Visiting Thailand? Dos and Don’ts Following King’s Death


Thailand image by Mariamichelle CC0

The death of King Bhumibol Adulyadej on October 13 has plunged Thailand into a state of mourning not seen for many decades. Although this event has affected Thais deeply, they remain welcoming to holidaymakers keen to enjoy the country’s castor sugar beaches, lush jungle hinterlands and sunny weather.

However, ‘respect’ is the watchword for any trip to Thailand in the coming months.

What to wear and how to behave

Black clothing has virtually sold out in the country as Thais pay their respects to the late king. As a visitor you don’t need to wear black, but opting for low-key colours will put you in good stead with locals.

Avoid flamboyant attire in public places.

But as Chris Lee, UK and Ireland head of marketing for the Tourism Authority of Thailand (TAT), says: “despite reports, tourists don’t have to wear black on the beach.”

There are reports that the TAT has asked Immigration to provide visitors with black ribbons which they can wear as a sign of respect, although this hasn’t happened as yet.

Aside from asking visitors to dress respectfully, the TAT encourages them to “continue with their travel plans as normal”.

But the TAT also warns that “Visitors should refrain from conducting any inappropriate or disrespectful behaviour.”

The UK’s FCO backs this up: “Following the death of His Majesty King Bhumibol Adulyadej there is now an official period of mourning of one year from 14 October 2016. You should respect the feelings and sensitivities of the Thai people at this time.”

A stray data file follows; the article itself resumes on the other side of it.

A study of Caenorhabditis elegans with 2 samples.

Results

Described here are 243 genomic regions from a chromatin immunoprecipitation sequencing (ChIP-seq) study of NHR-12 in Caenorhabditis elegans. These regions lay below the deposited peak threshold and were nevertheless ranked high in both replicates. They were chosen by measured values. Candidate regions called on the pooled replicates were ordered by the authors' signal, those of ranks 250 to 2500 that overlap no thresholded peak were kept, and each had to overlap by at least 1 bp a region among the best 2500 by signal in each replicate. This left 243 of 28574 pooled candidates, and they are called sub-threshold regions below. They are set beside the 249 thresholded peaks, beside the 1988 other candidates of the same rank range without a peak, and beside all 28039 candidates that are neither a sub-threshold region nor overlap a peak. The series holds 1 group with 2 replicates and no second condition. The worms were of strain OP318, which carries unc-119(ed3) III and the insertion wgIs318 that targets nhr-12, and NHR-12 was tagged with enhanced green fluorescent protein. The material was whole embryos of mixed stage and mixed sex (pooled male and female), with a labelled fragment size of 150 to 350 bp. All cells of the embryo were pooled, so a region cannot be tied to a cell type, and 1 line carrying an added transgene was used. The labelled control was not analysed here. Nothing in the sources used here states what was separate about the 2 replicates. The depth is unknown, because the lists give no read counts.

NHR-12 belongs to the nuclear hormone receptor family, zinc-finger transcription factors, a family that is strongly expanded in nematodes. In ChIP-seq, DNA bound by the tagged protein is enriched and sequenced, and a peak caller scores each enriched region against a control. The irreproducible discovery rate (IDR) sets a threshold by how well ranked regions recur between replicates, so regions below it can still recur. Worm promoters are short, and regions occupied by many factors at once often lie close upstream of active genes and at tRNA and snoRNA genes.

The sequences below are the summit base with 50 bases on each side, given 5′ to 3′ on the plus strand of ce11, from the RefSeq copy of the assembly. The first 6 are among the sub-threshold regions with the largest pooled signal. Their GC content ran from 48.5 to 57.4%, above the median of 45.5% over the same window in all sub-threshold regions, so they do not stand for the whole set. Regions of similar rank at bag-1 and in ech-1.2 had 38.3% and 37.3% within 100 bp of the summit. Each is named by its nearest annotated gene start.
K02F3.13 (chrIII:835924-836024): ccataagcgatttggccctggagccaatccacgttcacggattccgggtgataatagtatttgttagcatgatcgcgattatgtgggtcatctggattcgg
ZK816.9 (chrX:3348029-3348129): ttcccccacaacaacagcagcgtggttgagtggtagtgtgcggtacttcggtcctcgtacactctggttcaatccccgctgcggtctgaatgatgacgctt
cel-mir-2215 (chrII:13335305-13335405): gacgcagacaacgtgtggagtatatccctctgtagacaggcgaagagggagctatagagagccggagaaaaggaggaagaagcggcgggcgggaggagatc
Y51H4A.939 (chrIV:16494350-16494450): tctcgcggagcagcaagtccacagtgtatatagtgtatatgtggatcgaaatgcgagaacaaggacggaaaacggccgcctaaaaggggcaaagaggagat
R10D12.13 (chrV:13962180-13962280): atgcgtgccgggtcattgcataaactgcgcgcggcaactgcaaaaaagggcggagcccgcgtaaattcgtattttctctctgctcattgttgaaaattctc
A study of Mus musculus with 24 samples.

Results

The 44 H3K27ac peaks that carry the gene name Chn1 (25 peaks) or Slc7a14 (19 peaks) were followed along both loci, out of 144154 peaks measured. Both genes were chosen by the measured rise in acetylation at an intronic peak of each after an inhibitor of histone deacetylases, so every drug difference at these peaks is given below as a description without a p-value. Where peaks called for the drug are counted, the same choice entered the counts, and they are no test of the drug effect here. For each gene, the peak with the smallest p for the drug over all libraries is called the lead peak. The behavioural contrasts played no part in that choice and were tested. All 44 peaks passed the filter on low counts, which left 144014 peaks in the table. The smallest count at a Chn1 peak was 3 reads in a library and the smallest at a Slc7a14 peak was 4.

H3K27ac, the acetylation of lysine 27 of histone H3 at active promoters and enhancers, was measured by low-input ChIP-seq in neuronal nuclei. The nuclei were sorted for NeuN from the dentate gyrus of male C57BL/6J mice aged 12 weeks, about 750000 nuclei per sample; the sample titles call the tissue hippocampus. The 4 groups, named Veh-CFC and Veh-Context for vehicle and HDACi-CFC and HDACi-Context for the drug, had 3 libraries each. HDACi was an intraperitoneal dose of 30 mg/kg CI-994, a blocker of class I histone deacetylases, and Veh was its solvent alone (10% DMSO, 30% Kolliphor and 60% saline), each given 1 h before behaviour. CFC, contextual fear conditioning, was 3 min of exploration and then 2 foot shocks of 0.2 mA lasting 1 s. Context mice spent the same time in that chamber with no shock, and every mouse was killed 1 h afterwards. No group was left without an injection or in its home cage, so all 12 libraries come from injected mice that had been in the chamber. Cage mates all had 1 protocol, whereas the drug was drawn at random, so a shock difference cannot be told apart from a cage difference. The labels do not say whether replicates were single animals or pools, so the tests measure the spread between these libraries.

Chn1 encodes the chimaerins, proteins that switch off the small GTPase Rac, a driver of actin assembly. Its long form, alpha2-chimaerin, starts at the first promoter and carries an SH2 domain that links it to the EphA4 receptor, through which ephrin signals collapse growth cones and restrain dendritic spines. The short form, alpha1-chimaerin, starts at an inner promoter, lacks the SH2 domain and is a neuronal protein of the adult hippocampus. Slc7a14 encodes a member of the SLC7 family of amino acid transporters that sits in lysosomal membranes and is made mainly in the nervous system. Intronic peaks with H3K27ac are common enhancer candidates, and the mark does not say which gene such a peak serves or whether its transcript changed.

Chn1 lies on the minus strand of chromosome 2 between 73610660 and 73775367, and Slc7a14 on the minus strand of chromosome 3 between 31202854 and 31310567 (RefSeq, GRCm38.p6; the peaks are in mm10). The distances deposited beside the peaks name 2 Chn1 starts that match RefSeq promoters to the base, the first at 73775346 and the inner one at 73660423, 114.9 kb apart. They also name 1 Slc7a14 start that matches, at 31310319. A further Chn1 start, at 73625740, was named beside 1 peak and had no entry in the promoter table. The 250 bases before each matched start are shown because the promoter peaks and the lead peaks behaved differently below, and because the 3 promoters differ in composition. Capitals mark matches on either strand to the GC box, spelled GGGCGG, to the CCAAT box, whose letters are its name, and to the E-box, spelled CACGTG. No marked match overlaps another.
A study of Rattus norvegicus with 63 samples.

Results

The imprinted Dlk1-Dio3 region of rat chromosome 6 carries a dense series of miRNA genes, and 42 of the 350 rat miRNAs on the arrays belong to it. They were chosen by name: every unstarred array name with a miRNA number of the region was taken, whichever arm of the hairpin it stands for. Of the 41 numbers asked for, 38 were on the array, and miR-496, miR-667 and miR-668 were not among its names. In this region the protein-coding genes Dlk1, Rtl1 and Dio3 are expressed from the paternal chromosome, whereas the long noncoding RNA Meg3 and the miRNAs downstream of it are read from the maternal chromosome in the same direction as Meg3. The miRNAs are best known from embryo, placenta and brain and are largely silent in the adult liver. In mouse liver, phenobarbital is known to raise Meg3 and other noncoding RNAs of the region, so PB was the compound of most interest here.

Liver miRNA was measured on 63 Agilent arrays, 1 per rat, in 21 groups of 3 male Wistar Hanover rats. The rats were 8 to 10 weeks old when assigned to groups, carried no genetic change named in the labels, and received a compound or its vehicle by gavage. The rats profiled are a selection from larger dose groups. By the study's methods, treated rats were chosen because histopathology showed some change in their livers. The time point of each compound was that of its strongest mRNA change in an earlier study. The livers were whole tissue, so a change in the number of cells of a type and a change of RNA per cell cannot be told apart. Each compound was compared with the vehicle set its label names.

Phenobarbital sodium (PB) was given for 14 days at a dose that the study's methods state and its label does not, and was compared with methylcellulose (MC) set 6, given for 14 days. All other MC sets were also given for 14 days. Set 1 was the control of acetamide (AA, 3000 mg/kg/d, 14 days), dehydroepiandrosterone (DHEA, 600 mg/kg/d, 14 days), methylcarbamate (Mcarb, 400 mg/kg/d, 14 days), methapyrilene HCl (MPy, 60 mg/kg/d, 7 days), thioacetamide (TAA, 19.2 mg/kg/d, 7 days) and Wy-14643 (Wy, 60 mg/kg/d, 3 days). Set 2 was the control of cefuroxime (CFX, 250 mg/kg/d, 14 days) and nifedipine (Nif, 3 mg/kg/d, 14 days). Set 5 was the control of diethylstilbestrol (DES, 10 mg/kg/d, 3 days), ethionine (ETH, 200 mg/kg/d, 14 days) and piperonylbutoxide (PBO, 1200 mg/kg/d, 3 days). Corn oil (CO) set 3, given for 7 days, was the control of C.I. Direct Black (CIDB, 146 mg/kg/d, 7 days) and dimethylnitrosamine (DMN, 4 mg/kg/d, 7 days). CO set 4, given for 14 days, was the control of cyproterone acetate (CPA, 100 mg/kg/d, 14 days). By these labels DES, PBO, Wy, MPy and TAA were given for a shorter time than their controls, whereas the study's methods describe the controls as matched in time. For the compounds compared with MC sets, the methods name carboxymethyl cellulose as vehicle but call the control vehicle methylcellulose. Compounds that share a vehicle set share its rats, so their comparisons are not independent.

Is the nightlife affected?

Bars and restaurants have been asked to tone it down by the government, so the nightlife may well be a little more subdued than usual. Most establishments will close by midnight, although owners have the final say.

Millions of Thais make a living from the country’s tourism industry, so many will be keen to keep their businesses going.

Are any tourist sites closed?

Bangkok’s Wat Phra Kaeo (Temple of the Emerald Buddha) and the Grand Palace are closed to the public, as they will be the venue of the Royal Funeral Rites. But all other tourist attractions remain open.

Traditional and cultural events will go ahead as usual, but their tone may well be modified in respect for the late king.

You can expect transportation, banks and medical facilities to operate as normal.

Talking about the king

Many Thais are open to talking about their feelings at this sad time, but as before the king’s passing, care should be taken when discussing anything related to the monarchy. Thailand’s strict lèse-majesté laws mean anyone insulting or defaming the monarchy could face a jail term of up to 15 years. If you want to be on the safe side, avoid the subject altogether unless it is broached by a local – and even then proceed with caution.

The atmosphere in tourist hotspots like the islands of Phuket, Koh Samui and Koh Phi Phi is likely to be lighter than in Bangkok, although less intense than before the king’s death. Indeed, now could be a particularly relaxed time to visit this most unique of kingdoms.

The famous Thai smile may be a little thin on the ground right now, but if you’re mindful of your host’s feelings you’ll still have a fabulous holiday.